Vancouver Canucks goalie Roberto Luongo watches the puck on a goal by Detroit Red Wings center Joakim Andersson during the second period of their NHL hockey game in Detroit, Michigan February 24, 2013. (REBECCA COOK/REUTERS)

NHL

Canucks ready for Round 2 with Red Wings Add to ...

Roberto Luongo will wear a vintage mask and uniform Saturday against the Detroit Red Wings.

But the Vancouver Canucks goaltender is not feeling nostalgic about his previous effort against one of the NHL’s Original Six teams. Luongo allowed all of the goals as the Canucks were shellacked 8-3 on Feb. 24 in the Motor City.


“It’s a good chance for myself and for the team to get back at it and erase what was a pretty painful game,” said Luongo, who will make his third consecutive start.

The Canucks (13-7-6) will wear maroon jerseys with a large “V” and the word Vancouver along with similarly-coloured helmets and socks and greyish pants in celebration of a century of hockey on the West Coast. The uniform is a replica of the one worn by the Vancouver Millionaires, the city’s first professional team, which toiled in the Pacific Coast Hockey Association from 1912 through 1922 (winning the Stanley Cup in 1915).

Luongo, his teammates and the coaches wore vintage practice duds Friday, in preparation for the Wings.

While trying to honour early 20th century hockey in the city, they will try to make amends for their effort in the recent past.

“It was not a game that was fun to be part of,” Luongo said. “It happens once in a while, unfortunately. The main thing is, you’ve gotta know how to respond – and make sure it doesn’t happen again.”

Luongo has responded well most of the time – when called upon – since the debacle in Detroit. He backstopped the Canucks to their second consecutive win last Thursday, as they put on a rare offensive display in a 7-4 victory over the Nashville Predators.

The recent strong showing, which included a shootout victory over the Columbus Blue Jackets, came after he watched five of six games as Cory Schneider’s backup following the one-sided loss to the Red Wings. Consequently, head coach Alain Vigneault has kept the coin that he sometimes flips to determine his starting goaltender, has not been seen or mentioned lately.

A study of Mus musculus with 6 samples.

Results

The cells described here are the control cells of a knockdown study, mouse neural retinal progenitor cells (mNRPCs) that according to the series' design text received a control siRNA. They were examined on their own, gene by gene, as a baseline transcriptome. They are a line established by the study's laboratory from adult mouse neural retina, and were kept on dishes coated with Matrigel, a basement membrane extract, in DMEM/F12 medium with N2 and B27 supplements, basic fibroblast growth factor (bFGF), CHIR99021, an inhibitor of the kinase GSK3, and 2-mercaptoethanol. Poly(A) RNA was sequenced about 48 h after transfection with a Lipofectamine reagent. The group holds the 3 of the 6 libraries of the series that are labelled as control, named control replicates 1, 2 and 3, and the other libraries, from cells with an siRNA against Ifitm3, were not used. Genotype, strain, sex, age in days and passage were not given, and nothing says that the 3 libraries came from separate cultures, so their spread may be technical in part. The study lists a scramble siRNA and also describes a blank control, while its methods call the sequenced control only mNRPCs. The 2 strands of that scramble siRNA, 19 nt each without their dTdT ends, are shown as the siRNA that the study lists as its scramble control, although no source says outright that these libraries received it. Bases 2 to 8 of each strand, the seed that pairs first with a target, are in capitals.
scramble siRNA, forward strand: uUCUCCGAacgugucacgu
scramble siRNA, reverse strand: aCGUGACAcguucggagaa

“I just believe, right now, it’s the right call to do,” Vigneault said of starting Luongo.

The Vancouver bench boss said the club is looking for a strong bounce-back against the Wings, noting they still possess considerable talent despite being in the unusual position of having to battle for a Western Conference playoff spot.

Luongo’s teammates are also looking for a better effort from themselves against a team that could be tired after playing in Edmonton on Friday.

“We have something to prove after what happened in Detroit last time,” winger Jannik Hansen said. “So it should make for a good game.”

The Canucks hope to produce another strong offensive showing after sending Nashville goaltender Pekka Rinne to the bench early. All of Vancouver’s goals came at even strength while the power play remained dormant.

The Canucks have not scored a man-advantage marker since potting one Feb. 21 in Dallas.

Vigneault said the power-play units have mirrored the team as a whole, playing well at times but not getting the results. Captain Henrik Sedin said the power play has shown signs of improvement lately, but still needs to be better.

“It’s not where we want it to be, and I think it shows,” he said. “The 5-on-5, we’re close to where we want it to be. That’s a good sign – but we’ve gotta get the power play going.”

While trying to change the power play, the Canucks will also try to adjust to new gloves among the other attire. The Canucks have worn the new stuff previously in workouts, but defenceman Kevin Bieksa said it takes some players longer than others to get used to new equipment.

Some players use two or three pairs of gloves every game, while others will change every couple of weeks.

Bieksa is like beer-league players who cherish their old gear.

“Personally, I use equipment until I’m forced out of it by a trainer,” he said. “For guys like me, it’s a little bit of an adjustment wearing them.”